The predictable Peeples stays blandly inoffensive
Starring Craig Robinson and Kerry Washington. Rated PG.
The Peeples are an upper-crust African-American family who vacation at a luxurious beach house in the Hamptons. How upper-crust? Let’s just say they make the cast of the old Cosby Show look like underachievers. The patriarch (David Alan Grier) is a controlling judge who dotes on his youngest daughter, Grace (Kerry Washington). Family life is turned upside down when Grace’s live-in boyfriend, Wade (Craig Robinson), decides to upset their comfortable routine.
Wade is a portly children’s entertainer whose latest song is a cautionary tale about peeing in your pants (“Speak it [Don’t Leak it!]” ). Grace is a successful lawyer who’s afraid that her boyfriend won’t measure up to her father’s impossibly high standards. A frustrated Wade—who refers to her family as “the chocolate Kennedys”—is desperate to propose marriage. So when Grace keeps putting off an introduction, he crashes the yearly reunion.
He discovers that his girlfriend’s family is being less than honest with each other. Daddy is a closet nudist. Mom (S. Epatha Merkerson) is concealing a taste for magic mushrooms. Grace’s gay sister (Kali Hawk) refuses to come out to the family. And their little brother (Tyler James Williams) steals things.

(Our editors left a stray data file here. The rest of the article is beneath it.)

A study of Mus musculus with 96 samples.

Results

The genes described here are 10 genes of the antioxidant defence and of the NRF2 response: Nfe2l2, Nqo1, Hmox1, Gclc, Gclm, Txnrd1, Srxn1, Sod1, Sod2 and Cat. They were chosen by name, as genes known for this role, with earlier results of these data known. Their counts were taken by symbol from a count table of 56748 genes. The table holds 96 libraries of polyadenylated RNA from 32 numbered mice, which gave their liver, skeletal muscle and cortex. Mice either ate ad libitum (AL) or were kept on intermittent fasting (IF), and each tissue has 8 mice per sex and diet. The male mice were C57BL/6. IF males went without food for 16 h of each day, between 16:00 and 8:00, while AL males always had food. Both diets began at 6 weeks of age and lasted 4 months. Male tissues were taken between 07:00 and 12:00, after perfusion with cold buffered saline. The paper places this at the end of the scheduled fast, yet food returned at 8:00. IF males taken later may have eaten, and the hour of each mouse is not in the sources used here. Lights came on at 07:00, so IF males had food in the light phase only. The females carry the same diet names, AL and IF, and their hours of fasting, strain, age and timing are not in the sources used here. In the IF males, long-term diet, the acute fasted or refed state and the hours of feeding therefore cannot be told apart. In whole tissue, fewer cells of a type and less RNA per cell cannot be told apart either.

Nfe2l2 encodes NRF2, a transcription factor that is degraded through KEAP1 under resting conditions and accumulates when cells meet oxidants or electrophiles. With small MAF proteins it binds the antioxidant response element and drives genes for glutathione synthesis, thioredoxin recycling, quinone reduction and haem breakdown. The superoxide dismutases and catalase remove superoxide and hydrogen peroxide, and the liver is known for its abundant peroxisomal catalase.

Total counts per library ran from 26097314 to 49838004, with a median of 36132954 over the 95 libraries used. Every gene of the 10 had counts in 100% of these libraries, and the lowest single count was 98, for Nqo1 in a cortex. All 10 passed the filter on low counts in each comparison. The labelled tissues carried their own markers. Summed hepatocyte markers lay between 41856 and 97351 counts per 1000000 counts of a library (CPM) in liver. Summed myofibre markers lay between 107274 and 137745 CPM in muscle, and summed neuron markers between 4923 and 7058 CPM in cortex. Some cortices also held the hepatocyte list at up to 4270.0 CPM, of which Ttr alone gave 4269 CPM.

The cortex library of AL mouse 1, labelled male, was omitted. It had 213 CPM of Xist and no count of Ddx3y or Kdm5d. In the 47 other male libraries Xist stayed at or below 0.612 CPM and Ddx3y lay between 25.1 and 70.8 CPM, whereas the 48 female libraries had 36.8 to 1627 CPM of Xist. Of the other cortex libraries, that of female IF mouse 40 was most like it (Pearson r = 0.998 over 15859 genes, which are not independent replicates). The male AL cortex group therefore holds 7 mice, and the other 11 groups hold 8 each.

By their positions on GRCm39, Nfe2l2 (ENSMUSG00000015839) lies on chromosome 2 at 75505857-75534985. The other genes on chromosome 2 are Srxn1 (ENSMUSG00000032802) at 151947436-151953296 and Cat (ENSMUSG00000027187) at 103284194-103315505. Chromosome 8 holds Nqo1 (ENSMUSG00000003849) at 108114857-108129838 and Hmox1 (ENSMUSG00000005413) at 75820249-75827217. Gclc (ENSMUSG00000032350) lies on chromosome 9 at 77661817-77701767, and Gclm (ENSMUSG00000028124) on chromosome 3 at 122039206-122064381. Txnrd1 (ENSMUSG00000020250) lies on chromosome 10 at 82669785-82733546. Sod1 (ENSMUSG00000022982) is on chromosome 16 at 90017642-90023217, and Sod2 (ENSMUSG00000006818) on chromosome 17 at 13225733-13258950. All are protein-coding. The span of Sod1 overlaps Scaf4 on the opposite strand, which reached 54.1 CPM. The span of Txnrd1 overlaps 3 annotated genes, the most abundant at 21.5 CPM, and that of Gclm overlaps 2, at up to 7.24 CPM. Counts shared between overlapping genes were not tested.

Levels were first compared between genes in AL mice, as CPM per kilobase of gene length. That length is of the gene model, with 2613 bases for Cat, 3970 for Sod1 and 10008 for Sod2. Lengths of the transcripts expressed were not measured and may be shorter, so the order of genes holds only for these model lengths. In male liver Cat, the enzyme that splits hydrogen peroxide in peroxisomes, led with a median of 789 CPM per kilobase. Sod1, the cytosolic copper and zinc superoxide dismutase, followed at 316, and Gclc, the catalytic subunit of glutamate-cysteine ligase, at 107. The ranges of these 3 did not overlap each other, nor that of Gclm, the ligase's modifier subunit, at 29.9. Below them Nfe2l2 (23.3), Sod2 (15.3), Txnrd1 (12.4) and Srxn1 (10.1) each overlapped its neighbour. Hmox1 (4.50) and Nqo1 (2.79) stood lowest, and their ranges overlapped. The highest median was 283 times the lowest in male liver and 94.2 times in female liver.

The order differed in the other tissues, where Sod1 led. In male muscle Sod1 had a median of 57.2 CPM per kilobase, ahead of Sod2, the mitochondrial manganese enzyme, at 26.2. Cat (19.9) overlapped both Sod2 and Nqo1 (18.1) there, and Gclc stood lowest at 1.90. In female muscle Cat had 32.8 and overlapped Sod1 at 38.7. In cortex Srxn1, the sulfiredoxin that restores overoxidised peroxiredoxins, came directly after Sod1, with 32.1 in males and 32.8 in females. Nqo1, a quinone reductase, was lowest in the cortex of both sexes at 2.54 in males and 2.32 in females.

Produced by Tyler Perry, what ultimately emerges manages to be both predictable and blandly inoffensive. Along with the veteran cast, writer-director Tina Gordon Chism works hard to set us up for laughs, but it feels as if someone took three episodes of a second-rate sitcom and stitched them together to try and make a workable movie.
The plot chugs along at a tepid pace, prompting a half-smile now and then. Things get increasingly frantic, but this just adds a sense of genuine strain to the proceedings. Beyond forgettable, Peeples is one of those movies that seems content to automatically erase itself as you watch. By the time you’re done, it’s like you haven’t seen anything at all.